Wednesday, October 9, 2013

Class (of 2013) Warfare. Once more, 15mm Germantown on the tabletop

Regular readers of my blog (thanks, Mom) know that I teach an elective in Military History to high school seniors at Germantown Academy.  Our School is over 250 years old, and before it came out to the Philadelphia suburbs, ir was situated right in the heart of Germantown.  The schoolhouse bore witness to the battle in 1777, serving as a barracks and then a hospital for British troops.  Thus, there are sentimental reasons why I choose to recreate the battle each year as the students apply what they learned from Clausewitz and Sun Tzu on the field of battle.  Given the importance of terrain, weather, command, and morale, it's a good teaching battle for other reasons as well.
 
This year we're fighting with my 15mm AWI armies and using the Black Powder rules more or less as written (I simplified them last year but didn't really see the need to continue to do so).  
 
 
 
A view of the battlefield looking east.  The Pennsylvania militia are trying to pin down the Hessians in the foreground on the British left.  Unfortunately, their advance mirrored that of their historical counterparts, and botched command rolls left their attack fizzling.  meanwhile, the Hessians redeployed to meet Stepehn's column (I let the Contental reserve choose to come in at an entry point of their choice--they will arrive next turn in the center of the board on the left of the photo), ignoring the militia.  Insult to injury! They're even blocked from using their long-range rifles!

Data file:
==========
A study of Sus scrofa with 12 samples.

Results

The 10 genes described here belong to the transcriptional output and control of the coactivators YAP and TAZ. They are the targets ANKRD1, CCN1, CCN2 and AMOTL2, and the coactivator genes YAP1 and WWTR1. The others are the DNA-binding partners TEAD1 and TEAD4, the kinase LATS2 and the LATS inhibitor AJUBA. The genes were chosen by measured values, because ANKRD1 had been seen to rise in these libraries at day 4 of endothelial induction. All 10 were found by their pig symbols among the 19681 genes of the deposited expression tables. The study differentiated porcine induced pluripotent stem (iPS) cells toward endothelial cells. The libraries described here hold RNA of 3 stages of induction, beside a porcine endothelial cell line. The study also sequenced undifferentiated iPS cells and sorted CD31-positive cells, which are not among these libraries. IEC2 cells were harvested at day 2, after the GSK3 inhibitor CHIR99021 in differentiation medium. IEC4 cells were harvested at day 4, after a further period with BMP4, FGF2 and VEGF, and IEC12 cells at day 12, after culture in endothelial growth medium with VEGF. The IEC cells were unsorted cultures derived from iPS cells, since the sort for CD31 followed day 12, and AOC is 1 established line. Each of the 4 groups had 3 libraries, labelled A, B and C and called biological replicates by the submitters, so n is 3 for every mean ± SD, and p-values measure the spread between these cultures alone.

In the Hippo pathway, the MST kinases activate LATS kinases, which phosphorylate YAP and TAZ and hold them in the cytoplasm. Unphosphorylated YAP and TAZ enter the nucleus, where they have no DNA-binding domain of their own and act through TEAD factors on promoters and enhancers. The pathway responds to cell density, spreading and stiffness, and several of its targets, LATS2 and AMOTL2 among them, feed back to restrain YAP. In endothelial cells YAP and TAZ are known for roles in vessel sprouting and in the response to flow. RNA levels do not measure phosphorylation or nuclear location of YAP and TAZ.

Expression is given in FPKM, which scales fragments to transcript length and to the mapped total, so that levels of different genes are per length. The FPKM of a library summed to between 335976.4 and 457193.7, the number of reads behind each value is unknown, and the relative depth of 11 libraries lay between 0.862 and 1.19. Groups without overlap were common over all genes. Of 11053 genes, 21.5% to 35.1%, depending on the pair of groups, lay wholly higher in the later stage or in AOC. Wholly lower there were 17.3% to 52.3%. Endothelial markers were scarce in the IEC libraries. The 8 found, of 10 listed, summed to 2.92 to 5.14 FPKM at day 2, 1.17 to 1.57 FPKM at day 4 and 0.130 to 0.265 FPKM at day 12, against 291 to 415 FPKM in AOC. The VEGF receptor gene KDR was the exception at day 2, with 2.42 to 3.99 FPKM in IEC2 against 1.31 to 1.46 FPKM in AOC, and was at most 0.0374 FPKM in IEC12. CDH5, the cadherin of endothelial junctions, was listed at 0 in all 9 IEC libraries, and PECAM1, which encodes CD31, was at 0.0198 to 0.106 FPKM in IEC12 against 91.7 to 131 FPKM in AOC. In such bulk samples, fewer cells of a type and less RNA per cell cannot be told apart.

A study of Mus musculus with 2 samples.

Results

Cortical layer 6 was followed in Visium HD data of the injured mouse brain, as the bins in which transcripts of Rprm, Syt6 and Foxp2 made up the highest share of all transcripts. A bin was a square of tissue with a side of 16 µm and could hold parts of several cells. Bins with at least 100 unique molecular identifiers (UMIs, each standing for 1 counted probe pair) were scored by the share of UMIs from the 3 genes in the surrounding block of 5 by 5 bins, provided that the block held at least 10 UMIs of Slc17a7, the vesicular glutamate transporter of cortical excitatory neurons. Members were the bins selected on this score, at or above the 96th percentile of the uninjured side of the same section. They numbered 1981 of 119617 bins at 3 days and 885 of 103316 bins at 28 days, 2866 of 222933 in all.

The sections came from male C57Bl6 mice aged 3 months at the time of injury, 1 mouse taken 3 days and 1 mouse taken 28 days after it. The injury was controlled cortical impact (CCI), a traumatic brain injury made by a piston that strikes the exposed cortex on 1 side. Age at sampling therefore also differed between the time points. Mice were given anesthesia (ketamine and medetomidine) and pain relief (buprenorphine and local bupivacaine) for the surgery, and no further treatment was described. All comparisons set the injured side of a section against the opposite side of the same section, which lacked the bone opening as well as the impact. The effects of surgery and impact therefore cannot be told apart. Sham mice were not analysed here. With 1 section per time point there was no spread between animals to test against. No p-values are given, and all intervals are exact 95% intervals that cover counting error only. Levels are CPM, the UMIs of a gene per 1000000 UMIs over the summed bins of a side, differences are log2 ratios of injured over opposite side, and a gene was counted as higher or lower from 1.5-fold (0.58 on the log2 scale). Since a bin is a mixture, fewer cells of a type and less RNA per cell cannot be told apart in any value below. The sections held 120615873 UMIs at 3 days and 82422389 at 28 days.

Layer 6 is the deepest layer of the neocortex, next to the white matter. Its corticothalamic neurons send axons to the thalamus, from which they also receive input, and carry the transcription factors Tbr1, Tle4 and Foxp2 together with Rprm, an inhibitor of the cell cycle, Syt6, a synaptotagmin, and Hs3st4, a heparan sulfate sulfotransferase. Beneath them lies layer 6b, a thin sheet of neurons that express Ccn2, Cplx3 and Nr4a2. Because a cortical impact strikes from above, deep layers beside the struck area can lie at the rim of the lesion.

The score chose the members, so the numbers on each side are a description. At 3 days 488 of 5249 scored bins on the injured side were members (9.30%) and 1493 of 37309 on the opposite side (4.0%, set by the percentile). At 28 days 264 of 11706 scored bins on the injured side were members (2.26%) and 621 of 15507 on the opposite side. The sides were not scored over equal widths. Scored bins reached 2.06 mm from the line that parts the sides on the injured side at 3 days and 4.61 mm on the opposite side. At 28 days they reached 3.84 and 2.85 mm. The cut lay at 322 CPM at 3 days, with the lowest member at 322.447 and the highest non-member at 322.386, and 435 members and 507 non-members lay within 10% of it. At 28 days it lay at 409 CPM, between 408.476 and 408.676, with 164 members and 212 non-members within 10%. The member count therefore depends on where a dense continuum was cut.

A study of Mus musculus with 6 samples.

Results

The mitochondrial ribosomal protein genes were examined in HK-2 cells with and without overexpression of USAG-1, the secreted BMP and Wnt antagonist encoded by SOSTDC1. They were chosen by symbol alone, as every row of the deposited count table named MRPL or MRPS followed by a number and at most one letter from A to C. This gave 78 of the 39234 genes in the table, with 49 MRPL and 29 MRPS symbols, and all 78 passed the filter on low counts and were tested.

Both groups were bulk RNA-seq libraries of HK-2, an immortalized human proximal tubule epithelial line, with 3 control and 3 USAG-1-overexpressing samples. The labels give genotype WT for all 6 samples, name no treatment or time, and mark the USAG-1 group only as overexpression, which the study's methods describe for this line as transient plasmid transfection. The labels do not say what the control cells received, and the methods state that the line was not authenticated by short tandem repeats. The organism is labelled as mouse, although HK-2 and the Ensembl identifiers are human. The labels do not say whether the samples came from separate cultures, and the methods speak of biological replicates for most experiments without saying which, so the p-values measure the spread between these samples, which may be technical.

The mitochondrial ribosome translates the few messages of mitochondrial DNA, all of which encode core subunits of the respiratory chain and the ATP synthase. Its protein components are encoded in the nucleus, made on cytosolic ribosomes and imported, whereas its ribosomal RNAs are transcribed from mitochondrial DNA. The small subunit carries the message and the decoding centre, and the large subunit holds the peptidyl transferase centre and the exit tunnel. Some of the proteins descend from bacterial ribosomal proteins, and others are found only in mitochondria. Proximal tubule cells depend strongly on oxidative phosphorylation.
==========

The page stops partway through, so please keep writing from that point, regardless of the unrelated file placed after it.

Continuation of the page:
This is the scene on the east end of the battlefield after the first turn.  Washington's and Greene's columns surrounded the Chew House in the upper right, but the 40th Light Foot held out just as valiantly as their historical forbears did.  The anxious garrison in Gernmantown marched forward to make the Continental rebels pay, but did they leavve themselves vulnerable by this Sickles-esque maneuver?

 

 
 
The British commanders.  From the left are Cornwallis, Howe, Grant, and Knyphausen.

 
 
And here are the Continental commanders. From the left are Armstrong, Stephen (Command rating of 6!  Her quote: "Great. I'm the drunk.  Woo."), Washington (seated), and Greene.  They're doing their best to look badass.  Keep trying, guys.




Now they're more relaxed, having driven the British from the Chew House and hammered the exposed British brigade.  Sadly, a perfectly-lined flank shot did not yield a single casualty, and the Brits may live to shake the hands of Grant's column, who is taking their damn time to relieve them.